With postsecondary education attainment tied to funding, CPE President Bob King calls for additional money
06/21/2015 02:30 PM
With “the steady of erosion of public general fund support” for Kentucky’s public colleges and universities since the recession, Bob King, president of the Council on Postsecondary Education, says the state’s education achievement stats have dropped dramatically.
“When the legislature and governor were prepared and did invest in education the universities delivered,” King said, pointing to higher education reforms put in place in 1997 and later investments made by the legislature in the early 2000s.
As a result of the reforms and increased spending on postsecondary education, King said Kentucky at that time ranked first in the country for the rate of improvement in graduation rates for bachelor’s degrees, and the state ranked second in the nation for increasing the proportion of citizens 25 to 44 with an associate’s degree.
“This was extraordinary,” King said.
“Since the recession, and as we’ve been taking these cuts our rankings have fallen,” he said. “We’ve fallen in terms of graduation rates from first to 41st in terms of the baccalaureate institutions, from third to 44th in terms of the community colleges, and we from ranked second to 24th in terms of overall attainment rates from that age group 25 to 44.”
The current biennium budget pushed nearly 12 percent of the state’s $20 billion spending plan towards postsecondary education, but King said a lot of that money has been eaten up through additional costs placed on colleges.
“There’s a lot of things that are driving expenses on our campuses — it’s not just the cuts,” he said. “Just recently because of the pension system problems new expenditures have been placed on university budgets.”
“The legislature, which used to pick up the cost of maintaining and operating buildings on our campuses, have shifted that responsibility to the campuses,” King said, adding that the cost of equipment as well as medical and other insurance costs are rising and adding to the total burden on schools.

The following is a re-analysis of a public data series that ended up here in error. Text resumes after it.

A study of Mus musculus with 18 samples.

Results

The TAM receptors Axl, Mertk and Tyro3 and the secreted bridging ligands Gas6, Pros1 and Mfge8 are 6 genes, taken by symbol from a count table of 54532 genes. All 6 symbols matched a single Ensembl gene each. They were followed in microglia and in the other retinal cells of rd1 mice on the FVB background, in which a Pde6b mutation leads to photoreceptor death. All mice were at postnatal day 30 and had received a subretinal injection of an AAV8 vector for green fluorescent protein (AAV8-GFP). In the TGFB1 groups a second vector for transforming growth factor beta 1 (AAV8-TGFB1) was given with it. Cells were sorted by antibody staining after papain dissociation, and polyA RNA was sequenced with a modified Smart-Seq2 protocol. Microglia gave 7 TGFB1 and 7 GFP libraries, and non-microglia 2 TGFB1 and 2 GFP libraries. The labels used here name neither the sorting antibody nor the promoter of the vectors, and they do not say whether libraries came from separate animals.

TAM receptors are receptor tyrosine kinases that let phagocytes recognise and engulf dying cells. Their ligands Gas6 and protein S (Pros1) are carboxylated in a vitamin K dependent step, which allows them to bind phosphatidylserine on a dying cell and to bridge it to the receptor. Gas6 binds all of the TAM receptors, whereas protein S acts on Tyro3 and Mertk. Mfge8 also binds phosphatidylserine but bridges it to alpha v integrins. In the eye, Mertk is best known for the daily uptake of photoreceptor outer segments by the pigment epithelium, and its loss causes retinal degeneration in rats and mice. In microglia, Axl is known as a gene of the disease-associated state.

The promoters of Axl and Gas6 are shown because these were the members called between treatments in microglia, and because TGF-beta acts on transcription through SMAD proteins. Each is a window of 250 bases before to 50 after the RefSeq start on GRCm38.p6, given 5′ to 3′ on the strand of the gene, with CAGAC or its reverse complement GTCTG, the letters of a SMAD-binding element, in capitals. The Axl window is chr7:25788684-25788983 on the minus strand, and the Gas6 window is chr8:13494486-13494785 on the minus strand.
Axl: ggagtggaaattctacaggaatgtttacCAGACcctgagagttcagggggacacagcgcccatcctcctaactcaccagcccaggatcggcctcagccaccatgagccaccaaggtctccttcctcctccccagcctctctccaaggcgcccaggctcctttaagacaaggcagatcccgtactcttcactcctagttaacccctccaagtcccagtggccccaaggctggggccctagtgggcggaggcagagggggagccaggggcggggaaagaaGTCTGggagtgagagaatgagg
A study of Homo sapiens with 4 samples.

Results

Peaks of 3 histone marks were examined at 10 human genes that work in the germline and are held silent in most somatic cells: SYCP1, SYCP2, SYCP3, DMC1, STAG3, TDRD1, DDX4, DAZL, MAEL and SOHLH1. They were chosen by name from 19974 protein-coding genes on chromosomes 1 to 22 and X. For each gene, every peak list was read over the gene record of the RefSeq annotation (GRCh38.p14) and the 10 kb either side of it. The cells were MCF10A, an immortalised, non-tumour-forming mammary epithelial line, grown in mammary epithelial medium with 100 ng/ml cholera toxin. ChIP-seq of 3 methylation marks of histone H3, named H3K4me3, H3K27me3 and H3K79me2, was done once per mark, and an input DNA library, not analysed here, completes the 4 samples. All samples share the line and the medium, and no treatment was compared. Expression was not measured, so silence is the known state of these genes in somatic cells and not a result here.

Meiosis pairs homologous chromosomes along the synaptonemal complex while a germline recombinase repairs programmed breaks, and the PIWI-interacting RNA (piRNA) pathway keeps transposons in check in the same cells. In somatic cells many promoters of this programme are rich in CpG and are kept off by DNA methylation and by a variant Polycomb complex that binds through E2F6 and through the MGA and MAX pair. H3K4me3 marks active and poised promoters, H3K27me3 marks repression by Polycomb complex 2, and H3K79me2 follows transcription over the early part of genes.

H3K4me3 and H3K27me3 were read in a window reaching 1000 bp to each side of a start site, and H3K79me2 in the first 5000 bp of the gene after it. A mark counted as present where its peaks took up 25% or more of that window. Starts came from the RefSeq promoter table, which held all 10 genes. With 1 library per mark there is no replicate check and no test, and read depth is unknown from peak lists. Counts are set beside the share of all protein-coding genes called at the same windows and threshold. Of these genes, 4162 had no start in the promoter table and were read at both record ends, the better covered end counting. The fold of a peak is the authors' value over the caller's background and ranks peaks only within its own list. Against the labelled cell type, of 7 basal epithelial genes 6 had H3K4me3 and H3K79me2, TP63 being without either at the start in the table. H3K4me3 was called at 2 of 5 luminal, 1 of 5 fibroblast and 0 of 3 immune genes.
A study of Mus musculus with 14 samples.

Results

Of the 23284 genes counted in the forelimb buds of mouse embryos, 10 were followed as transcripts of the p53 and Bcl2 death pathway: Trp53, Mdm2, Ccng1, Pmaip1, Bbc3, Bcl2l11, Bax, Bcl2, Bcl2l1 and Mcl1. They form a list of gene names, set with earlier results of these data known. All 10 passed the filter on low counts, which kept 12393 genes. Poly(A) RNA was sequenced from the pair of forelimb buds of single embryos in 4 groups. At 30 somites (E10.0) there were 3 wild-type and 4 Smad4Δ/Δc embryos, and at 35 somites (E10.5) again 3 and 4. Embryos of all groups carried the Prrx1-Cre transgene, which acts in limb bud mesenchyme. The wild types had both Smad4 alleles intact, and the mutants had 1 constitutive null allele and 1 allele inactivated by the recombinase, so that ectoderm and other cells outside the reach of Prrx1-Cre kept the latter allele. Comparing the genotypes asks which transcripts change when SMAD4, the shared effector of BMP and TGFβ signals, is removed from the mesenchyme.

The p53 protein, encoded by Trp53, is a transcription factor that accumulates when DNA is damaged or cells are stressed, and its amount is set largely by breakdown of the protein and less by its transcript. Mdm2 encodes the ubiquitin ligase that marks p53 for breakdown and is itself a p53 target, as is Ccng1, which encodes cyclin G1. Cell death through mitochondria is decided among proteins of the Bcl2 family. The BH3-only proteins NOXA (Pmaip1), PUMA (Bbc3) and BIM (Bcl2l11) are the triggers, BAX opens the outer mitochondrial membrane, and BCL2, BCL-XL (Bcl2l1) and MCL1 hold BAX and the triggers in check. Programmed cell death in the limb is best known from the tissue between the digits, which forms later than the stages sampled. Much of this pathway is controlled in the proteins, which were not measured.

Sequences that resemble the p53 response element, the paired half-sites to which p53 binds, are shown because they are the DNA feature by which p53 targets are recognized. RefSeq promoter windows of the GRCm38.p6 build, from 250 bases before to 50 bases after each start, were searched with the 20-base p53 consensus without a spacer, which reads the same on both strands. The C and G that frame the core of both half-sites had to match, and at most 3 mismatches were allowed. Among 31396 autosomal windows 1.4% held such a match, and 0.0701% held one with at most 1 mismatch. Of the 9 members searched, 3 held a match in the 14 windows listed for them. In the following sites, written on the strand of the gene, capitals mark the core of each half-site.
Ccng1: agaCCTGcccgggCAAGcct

King said all costs aggregated equal a nearly billion-dollar hole for universities to make up, and he said those gaps have been filled not with tuition, but with efficiencies.
Still, while colleges and universities in the state have been operating on delays and part-time faculty, the Chronicle of Higher Education points to increasing compensation for college executives’ year-to-year in base salaries.
King said the “optics of some of it is probably not very attractive,” but he defended the levels of compensation.
“The reality is, and I was having the discussion with somebody on my staff yesterday, somewhere in America there is a company that makes coat hangers … and I am sure that the chief executive of that company is making a million-and-a-half, two million dollars a year.
“Running a university, particularly a big research university — although they’re all complex — you think about of UofL, you think about the University of Kentucky. They’re both involved with medical schools, hospitals, provision of health care,” he said. “At UK they’ve got the cooperative extension services all over the state — plus educating students, funding research, managing a large faculty — there are very few workplaces in the country that are as complicated or demand as much as universities.”
King also pointed out that “people don’t bat an eye” at the millions in compensation that college coaches are paid for their services. While university presidents don’t earn nearly as much as UK men’s basketball Coach John Calipari, King said the presidents “earn every penny of it.”
Another point of funding contention comes from dwindling funds from the Kentucky Lottery making their way into postsecondary education from the General Assembly to the tune of $70 to 80 million dollars in the last biennium budget, King said.
“The consequence has been that just from that money about 20,000 students have been deprived access to need-base financial aid,” he said, adding that the need is actually much higher in the state for assistance.
“We are hoping the General Assembly, in the next budget, will stop that practice and understand these are students that are forced to either not to go to college at all or they are forced to go, but then have to borrow the money and that just adds to the debt burden when they complete their studies.”